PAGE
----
Day trip: Dover
Sometimes I just luck out. When Dover emerged as this month’s feature, I called on two long-time pals to be my guides. Though Edmund and Pat spent decades abroad in exotic spots like Hong Kong, India and Taiwan, they have happily settled in our own Dover.
Seems that Dover is a great fit if you love a place with a sense of history, a passion for engaging sights and sounds, and a robust enjoyment of food and drink.
Like the stories of so many New Hampshire cities and towns, Dover’s begins with a river. The Cocheco River runs right through town and out to the Atlantic Ocean, via the Piscataqua watershed. It shaped early and vigorous growth with ship building and, somewhat later, the mills. The city has a lovely contingent of elegant 18th- and 19th-century homes as well as meandering brick mill buildings, now converted to thoroughly modern businesses, like art galleries, software design firms and professional suites.
For Foodies: Ed and Pat have educated palates and discerning taste – and they took me straight to the Silver Moon Creperie (silvermooncreperie.com, 20A 3rd St., 742-6150). Opened in 2006 by a charming young Johnson & Wales-educated couple, Theresa and Chris Therrien, the creperie is intimate, disarmingly eclectic and very family friendly. The menu has sweet and savory selections as well as specials, and each crepe is handmade on the spot with fresh batter. My favorites? The tomato, mozzarella and pesto and the chestnut cream.
And then there was Café Ciabatta Bakery and Pastry Shop (cafeciabatta.com, 2 Pierce St., 516-5282). The aroma of yummy, fresh baked goods got my attention immediately. The display case is packed with cookies, croissants, breads and more – but I went straight for the highly recommended Almond Pear Torte and the amazing eclair. The owners are passionate about “fresh” ingredients and also offer soups, sandwiches and quiche.
One Washington Center, part of the re-purposed mill buildings project houses another off-the-beaten-track surprise, the main kitchen and factory store of Terra Cotta Pasta Company, complete with a tiny café and a selection of take-away products (terracottapastacompany.com, Suite 206, second floor, 817-4249). Owner Kevin Cambridge was on hand to chat about his controlled growth, word-of-mouth-only approach to maintaining quality and spreading the news about his freshly-made pasta, sauces and ravioli. Soup samples are free – but, trust me, you’ll end up buying something!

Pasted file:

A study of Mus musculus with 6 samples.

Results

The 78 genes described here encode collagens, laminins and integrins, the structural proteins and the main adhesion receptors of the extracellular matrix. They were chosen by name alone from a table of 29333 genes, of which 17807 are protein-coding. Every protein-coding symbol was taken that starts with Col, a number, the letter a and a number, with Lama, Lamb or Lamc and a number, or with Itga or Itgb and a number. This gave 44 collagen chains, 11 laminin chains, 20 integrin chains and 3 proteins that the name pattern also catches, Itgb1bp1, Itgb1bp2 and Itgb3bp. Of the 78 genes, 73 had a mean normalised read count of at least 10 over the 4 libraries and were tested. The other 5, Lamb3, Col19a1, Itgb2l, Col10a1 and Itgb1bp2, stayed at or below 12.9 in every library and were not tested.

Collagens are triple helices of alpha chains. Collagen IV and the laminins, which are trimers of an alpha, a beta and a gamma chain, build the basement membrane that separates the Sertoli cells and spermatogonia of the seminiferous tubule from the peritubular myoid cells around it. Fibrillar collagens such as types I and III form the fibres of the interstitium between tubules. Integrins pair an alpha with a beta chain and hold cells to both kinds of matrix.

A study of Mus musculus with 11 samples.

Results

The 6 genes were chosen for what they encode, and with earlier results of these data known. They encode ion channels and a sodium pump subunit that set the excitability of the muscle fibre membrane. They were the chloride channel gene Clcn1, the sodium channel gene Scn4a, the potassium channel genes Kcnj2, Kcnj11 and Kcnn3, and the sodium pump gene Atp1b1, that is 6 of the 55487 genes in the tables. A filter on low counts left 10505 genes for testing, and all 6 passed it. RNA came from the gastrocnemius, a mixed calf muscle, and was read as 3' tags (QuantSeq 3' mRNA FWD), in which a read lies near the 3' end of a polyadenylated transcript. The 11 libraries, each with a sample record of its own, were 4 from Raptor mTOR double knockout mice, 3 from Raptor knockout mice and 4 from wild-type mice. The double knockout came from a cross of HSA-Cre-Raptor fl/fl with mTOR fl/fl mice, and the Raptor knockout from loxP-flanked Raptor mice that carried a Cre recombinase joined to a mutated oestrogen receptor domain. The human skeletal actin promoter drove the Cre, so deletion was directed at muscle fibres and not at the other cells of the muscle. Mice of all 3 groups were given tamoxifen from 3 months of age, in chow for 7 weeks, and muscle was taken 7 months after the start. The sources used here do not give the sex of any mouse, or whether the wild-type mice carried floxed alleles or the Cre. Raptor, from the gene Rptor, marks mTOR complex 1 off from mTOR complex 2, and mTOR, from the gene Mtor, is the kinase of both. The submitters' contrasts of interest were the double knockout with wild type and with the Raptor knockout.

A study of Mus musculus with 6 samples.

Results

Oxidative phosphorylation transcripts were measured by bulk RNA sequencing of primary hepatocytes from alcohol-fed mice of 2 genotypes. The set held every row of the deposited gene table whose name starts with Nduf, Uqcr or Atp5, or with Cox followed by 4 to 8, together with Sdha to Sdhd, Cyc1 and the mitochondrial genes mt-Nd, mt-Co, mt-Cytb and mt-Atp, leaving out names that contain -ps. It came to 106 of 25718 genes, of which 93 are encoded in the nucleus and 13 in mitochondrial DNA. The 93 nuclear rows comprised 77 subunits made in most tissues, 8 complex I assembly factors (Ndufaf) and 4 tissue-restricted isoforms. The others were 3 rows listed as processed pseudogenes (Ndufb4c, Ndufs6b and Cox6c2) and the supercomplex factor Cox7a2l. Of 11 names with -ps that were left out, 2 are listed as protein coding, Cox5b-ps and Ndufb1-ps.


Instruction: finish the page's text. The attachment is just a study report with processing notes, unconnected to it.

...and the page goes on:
Asian restaurants can be very good . . . or not. Ed and Pat say that Dover is lucky to have Saigon Tokyo (892B Central Ave., 740-4128) and especially recommend the restaurant’s Vietnamese menu selections – though they say everything is fresh and tasty in addition to being healthy. Given that Ed and Pat lived and travelled all over Asia, this is a recommendation to pay attention to!
To do: As fun as the food is, Dover also offers some nifty activities and diversions. If you have the family with you, a stop at The Children’s Museum of New Hampshire (childrens-museum.org, 6 Washington St., 742-2002) is a must. The exhibits are uniquely interactive and hands-on and are design to let families learn and explore together.
Shoppers who shy away from malls will adore Just The Thing! (451 Central Ave., 742-9040). This funky and eclectic vintage furniture and home décor shop is open seven days a week and houses more than a dozen individual vendors, each with his own sense of style and fun. Some items are new, some old, some rustic, some refined. And it’s all great!
If jewelry is your thing, stop in and see Branden Goff at Market Square Jewelers (marketsquarejewelers.com, 454 Central Ave., 740-9587). He has a fabulous and extensive collection of estate jewelry and not only buys, sells and trades, but repairs and restores items, too. His other shops are in Newburyport and Portsmouth, but I love the antique feel over the Dover shop. It’s a great place to spend an hour or two!
Entertainment: One of the most exciting things bout Dover is the new Cara Irish Pub (11 Fourth St., 343-4390). The Irish owner has made sure the ambiance and menu are hearty and authentic – bangers and mash, blackbush Irish stew and drunken haddock top the favorites. The small stage is perfect for the pub’s frequent live music shows – blues on Wednesdays and “open mike” Irish on Sundays.
Staying over: If you want to spend more than a day, you can’t do better than The Silver Fountain Inn (silverfountain.com, 103 Silver St., 750-4200). Built just after the Civil War, this elegant Victorian mansion sports original paneling, wallpaper, leaded glass and crystal – all enhanced by the design work of owner B. Susan Chang. Peek around in the serene and beautiful spaces like I did and you’ll be hooked, too!
For more info: Dover offers much more. Visit dovernh.org for information and links to everything Dover.